Shifting Priorities

The timeline of modern medicine is marked by a series of major medical and scientific advances as well as social, economic, and professional developments that have caused major paradigm shifts in the practice of medicine. Take for example germ theory.

In the 1870s Louis Pasteur and Robert Koch established the germ theory of disease. According to germ theory, specific diseases are caused by specific organisms. Before this discovery, most doctors believed diseases were noncommunicable and caused by spontaneous generation.

It wasn’t uncommon for doctors to perform autopsies on people who died of infectious diseases and then turn around to care for living patients without washing their hands, not realizing the possibility of transmitting the disease. We can thank germ theory for doctors washing their hands before attending to patients.

There have been many major medical advances and developments throughout the years and unfortunately, 2020 will go down in the history books as a year of major change.

The COVID-19 has impacted the medical profession in far-reaching ways and is poised to cause permanent changes to patient care going forward.

In brief, the pandemic has completely upended the market for physicians transforming what was essentially a seller’s market for physician services to one of a buyer’s market.

Here are some sobering facts based on a recent survey conducted by the physician recruiting firm Merritt Hawkins:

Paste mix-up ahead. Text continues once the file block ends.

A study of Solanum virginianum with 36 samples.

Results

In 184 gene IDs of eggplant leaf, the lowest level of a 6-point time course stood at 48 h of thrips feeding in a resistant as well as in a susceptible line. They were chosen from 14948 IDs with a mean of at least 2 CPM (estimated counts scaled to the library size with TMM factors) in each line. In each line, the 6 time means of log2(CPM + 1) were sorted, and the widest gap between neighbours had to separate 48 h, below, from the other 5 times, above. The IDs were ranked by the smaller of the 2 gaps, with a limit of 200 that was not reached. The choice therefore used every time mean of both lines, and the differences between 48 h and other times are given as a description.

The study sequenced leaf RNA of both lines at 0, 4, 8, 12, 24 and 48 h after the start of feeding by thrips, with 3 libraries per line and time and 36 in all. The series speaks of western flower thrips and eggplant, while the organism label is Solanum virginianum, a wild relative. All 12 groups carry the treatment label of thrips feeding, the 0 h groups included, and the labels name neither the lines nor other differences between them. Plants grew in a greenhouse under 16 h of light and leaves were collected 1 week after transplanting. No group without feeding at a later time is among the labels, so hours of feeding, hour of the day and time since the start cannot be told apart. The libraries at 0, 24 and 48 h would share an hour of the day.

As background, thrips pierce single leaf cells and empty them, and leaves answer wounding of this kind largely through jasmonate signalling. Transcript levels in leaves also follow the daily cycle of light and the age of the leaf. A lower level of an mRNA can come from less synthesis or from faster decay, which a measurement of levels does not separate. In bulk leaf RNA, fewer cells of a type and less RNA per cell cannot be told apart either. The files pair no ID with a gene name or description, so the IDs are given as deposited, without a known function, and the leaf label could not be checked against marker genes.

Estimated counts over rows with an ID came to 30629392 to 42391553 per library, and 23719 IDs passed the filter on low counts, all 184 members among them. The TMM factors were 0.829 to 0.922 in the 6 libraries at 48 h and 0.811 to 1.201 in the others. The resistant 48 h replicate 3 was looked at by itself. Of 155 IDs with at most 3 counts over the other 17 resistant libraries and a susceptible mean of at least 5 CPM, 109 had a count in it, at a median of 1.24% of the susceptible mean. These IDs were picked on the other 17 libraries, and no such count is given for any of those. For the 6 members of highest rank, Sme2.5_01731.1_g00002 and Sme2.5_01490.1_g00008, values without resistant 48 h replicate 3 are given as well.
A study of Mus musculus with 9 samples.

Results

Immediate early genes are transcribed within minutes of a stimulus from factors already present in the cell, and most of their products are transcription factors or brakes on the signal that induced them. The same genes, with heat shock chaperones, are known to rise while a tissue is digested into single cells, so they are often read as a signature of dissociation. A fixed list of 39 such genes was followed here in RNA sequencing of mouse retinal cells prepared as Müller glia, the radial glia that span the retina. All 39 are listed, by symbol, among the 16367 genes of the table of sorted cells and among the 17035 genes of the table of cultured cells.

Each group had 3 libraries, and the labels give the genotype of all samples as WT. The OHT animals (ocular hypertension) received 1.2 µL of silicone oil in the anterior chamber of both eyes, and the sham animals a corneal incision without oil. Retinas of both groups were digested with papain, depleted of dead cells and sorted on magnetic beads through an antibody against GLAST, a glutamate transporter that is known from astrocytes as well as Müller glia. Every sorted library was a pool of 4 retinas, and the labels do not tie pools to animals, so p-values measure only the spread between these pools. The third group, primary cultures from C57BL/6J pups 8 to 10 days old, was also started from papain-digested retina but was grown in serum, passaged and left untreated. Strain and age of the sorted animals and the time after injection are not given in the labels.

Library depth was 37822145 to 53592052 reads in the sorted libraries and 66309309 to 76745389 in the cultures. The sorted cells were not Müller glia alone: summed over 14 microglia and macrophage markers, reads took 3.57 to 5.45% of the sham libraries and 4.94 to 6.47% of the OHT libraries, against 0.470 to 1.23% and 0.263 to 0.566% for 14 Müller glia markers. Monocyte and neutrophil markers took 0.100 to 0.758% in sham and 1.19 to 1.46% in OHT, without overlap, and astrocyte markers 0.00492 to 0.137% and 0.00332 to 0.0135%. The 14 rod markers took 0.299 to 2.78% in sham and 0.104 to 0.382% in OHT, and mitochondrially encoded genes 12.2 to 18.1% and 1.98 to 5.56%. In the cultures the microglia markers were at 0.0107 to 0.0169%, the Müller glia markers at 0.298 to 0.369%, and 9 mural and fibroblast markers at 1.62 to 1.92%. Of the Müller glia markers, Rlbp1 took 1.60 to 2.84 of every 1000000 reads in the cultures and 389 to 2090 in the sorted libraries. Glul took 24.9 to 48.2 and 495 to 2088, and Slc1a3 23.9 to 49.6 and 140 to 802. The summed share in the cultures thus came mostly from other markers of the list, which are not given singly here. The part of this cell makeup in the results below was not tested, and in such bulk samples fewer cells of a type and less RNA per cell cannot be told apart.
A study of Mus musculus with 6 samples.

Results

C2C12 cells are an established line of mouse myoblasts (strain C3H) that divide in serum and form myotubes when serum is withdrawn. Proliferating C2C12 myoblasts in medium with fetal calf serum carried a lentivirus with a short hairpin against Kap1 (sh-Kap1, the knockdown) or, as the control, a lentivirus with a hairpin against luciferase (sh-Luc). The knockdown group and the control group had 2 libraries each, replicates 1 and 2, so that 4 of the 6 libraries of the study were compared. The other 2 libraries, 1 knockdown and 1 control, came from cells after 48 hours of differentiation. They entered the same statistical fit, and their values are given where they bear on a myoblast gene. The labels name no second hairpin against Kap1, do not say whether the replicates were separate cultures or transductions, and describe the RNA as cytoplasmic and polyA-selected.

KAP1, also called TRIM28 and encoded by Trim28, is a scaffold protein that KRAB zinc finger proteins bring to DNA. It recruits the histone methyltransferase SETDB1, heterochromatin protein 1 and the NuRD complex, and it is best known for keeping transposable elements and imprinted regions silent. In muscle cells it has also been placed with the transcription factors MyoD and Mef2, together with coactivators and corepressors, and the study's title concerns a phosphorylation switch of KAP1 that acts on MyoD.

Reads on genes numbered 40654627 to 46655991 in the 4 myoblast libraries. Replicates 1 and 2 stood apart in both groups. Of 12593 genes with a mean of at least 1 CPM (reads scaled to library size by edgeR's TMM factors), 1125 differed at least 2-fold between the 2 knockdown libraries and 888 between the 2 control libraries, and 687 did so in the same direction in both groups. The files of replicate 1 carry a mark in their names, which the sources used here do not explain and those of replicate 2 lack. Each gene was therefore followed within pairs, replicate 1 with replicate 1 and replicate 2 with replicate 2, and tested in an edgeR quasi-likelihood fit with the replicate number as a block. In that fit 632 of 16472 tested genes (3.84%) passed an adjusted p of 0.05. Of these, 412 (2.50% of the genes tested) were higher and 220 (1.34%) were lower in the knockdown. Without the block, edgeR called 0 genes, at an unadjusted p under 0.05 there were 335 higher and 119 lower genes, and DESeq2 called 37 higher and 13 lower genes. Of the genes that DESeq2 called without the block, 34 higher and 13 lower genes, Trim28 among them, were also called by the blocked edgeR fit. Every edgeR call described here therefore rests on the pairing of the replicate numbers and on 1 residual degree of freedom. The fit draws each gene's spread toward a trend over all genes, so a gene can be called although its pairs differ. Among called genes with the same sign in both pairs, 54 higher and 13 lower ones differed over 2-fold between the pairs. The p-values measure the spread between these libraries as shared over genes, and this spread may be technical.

• Physicians are seeing fewer patients. 41% of physicians saw patient volume decreases of 26% or more.
  • Physicians are making less money.
  • They are making major staff reductions.
  • New physicians entering practice may not be able to get their first or second choice of employment opportunities, which was not the case a year ago.
  • More physicians have reached out to physician recruiting firms over the past six months than they’ve had at any time in recent history.

Nobody can predict the healthcare landscape after COVID-19, but even after the pandemic ends, no one will argue that it will have reshaped America’s healthcare system.

Where will the physician fit within this landscape?

Will telemedicine reduce the demand for physicians as hospitals leverage the use of qualified nurses and physician assistants to handle routine consultations?

Many physicians entered medicine because they wanted to make a difference. They wanted to be a part of a noble profession that could make a difference in people’s lives. But with the high cost of medical school and the heavy burdens of student debt, the current financial realities and shifting patient priorities may not allow physicians to do what they love.

At the end of the day, physicians need to put food on their tables too. The future of the medical profession is definitely in flux and nobody can predict how the healthcare landscape will look in a year and beyond.

The only certainty is that 2021 will continue to bring uncertainty. Now is certainly a time for reflection – to consider our place in the new economy.

Will the medical profession still be economically viable? Will physicians be able to care for their patients and still be able to meet their financial obligations?

It’s a question worth exploring and one many of us can’t afford to just “wait and see.”

We, physicians, are a proud bunch but for many, it would be worth exploring other financial avenues and options for not only meeting our basic expenses but for beyond – to never be beholden to external circumstances like the pandemic again.